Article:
HMS Talent, as part of a Royal Navy Task Group which forms the biggest deployment to the Far East in more than a decade, is preparing to head into some of the busiest sea lanes of the world, notorious for pirate attacks.
The nuclear-powered Trafalgar-class HMS Talent has a long standing affiliation with the town of Shrewsbury and is one of the 12 ships of Exercise Taurus 2009, having left her base in Devonport, Plymouth, in January ahead of the main Task Group. The Group has been undertaking a period of training and multi-national exercises in the Mediterranean, practising amphibious and anti-submarine warfare in large-scale exercises off the coasts of Cyprus (Exercise Wader) and Turkey (Exercise Egemen), as well as conducting maritime security operations.
The task group has reduced in numbers for the next phase, but maintains its full capability to transit through the Red Sea, the Gulf of Aden and the Indian Ocean, culminating in an intense, multi-national training package in the primary jungles of Brunei. This will provide crucial training for the Royal Navy and its Royal Marines, many of whom have more recently been serving in-land during operations in Iraq and Afghanistan. Riverine training will also be conducted with the Bangladeshi Navy. The first in more than a decade.
Speaking from his amphibious flagship HMS Bulwark as Phase One draws to an end, Commodore Peter Hudson, Commander UK Amphibious Task Group, said: “The main objective of the first phase of this deployment was to exercise the UK’s Amphibious Task Group in a testing, challenging multi-threat environment – for both the ships and the Royal Marines.
“In completing Exercise Egemen with our US, Dutch and Turkish partners we have fully achieved this, enabling nearly 2,500 Royal Naval personnel to hone their skills, to refine procedures and to demonstrate what a powerful capability the amphibious task group can deliver. It has been a very successful period which sets the right tone of the next phase of work in the Indian Ocean .”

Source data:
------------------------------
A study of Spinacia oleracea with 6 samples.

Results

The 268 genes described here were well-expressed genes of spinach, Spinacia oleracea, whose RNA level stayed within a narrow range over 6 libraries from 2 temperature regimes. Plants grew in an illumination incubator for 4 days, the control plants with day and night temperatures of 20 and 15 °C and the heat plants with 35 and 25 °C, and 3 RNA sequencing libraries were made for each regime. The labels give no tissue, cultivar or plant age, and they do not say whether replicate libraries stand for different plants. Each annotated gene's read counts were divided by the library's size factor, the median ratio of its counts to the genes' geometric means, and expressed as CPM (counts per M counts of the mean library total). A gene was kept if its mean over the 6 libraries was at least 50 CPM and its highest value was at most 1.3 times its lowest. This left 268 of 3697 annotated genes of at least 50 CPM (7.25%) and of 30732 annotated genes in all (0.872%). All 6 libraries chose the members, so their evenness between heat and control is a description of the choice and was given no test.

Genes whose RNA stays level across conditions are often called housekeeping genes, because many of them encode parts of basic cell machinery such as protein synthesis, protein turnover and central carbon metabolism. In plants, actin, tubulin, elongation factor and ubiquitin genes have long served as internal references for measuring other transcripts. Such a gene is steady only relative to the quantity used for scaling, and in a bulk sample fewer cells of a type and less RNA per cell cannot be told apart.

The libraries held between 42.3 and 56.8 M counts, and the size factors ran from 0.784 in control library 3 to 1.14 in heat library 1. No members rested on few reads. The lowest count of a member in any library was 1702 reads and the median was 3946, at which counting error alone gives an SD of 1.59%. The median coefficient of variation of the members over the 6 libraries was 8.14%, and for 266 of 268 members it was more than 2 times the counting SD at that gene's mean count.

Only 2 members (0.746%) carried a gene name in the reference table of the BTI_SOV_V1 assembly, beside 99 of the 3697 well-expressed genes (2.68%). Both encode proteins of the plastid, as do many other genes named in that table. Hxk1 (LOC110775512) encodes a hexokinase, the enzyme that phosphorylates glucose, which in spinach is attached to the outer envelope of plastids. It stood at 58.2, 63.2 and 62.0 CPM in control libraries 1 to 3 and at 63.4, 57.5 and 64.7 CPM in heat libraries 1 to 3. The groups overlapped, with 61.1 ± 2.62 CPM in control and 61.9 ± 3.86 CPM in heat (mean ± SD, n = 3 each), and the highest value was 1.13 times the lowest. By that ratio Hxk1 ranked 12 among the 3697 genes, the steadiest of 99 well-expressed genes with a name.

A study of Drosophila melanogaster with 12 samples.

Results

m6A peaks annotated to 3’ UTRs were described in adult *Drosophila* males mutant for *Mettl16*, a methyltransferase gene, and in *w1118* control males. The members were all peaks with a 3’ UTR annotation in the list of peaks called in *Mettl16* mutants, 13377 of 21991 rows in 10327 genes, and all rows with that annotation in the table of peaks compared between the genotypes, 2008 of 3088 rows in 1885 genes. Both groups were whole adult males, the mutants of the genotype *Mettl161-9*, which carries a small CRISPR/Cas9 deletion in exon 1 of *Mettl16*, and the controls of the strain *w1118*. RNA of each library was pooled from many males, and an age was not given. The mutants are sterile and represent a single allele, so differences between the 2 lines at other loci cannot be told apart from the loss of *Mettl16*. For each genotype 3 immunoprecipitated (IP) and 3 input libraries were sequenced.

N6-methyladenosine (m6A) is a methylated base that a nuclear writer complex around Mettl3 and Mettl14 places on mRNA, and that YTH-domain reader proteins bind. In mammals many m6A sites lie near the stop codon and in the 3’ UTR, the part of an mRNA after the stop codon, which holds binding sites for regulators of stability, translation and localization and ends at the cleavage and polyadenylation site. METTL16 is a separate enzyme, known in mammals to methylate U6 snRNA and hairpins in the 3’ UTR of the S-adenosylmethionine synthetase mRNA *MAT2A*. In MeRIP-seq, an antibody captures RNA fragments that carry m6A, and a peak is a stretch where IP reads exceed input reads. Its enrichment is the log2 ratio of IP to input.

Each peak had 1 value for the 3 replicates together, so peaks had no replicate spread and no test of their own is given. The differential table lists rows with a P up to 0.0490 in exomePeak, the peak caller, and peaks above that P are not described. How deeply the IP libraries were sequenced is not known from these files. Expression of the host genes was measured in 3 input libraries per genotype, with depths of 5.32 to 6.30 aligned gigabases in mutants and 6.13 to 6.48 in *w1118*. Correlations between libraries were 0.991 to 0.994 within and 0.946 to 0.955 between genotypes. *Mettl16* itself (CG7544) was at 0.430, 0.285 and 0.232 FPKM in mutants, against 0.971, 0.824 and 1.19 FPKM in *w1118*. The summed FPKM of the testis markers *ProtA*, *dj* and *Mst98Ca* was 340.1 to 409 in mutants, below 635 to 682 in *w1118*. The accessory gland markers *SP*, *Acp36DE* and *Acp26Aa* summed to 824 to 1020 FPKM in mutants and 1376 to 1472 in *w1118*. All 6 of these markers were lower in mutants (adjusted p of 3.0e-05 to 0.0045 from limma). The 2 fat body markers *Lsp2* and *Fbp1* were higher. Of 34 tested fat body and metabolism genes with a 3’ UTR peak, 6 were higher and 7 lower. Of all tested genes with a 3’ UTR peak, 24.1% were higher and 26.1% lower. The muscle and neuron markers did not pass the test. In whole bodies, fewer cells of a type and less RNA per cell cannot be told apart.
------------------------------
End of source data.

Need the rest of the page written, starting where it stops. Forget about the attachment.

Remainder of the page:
Taurus 09 aims to maintain the Royal Navy’s fighting capability as well as develop the UK ‘s capacity to operate with key partners and allies from NATO countries and other nations, enhancing interoperability and demonstrating the UK ‘s commitment to the stability and security of the Mediterranean, Middle East and South East Asia . In exercising its ability to deploy globally. The task group will remain available for a range of potential missions as required, such as anti-piracy, humanitarian aid and disaster relief.
The task group sailed from the UK with 12 ships, including a US Navy destroyer and a French Navy frigate, a nuclear powered submarine, Royal Marines from 40 Commando in Taunton, the Fleet Diving Unit, Assault Squadron Royal Marines from Plymouth, elements of 820 and 857 Naval Air Squadrons (NAS) from Royal Naval Air Station Culdrose, 847 Naval Air Squadron and Commando Helicopter Force (CHF) Sea Kings based in Yeovilton and support helicopter force Chinooks from 18 Squadron at RAF Odiham. It will be joined by ships, troops and aircraft from other nations as it transits towards South East Asia.
The Task Group is expected to return in August 2009. Engagement and exercises will be conducted with countries including: Malta, Gibraltar, Spain, Italy, Greece, Cyprus, Turkey, India, Sri Lanka, Bangladesh, Malaysia, Singapore, Thailand and Brunei.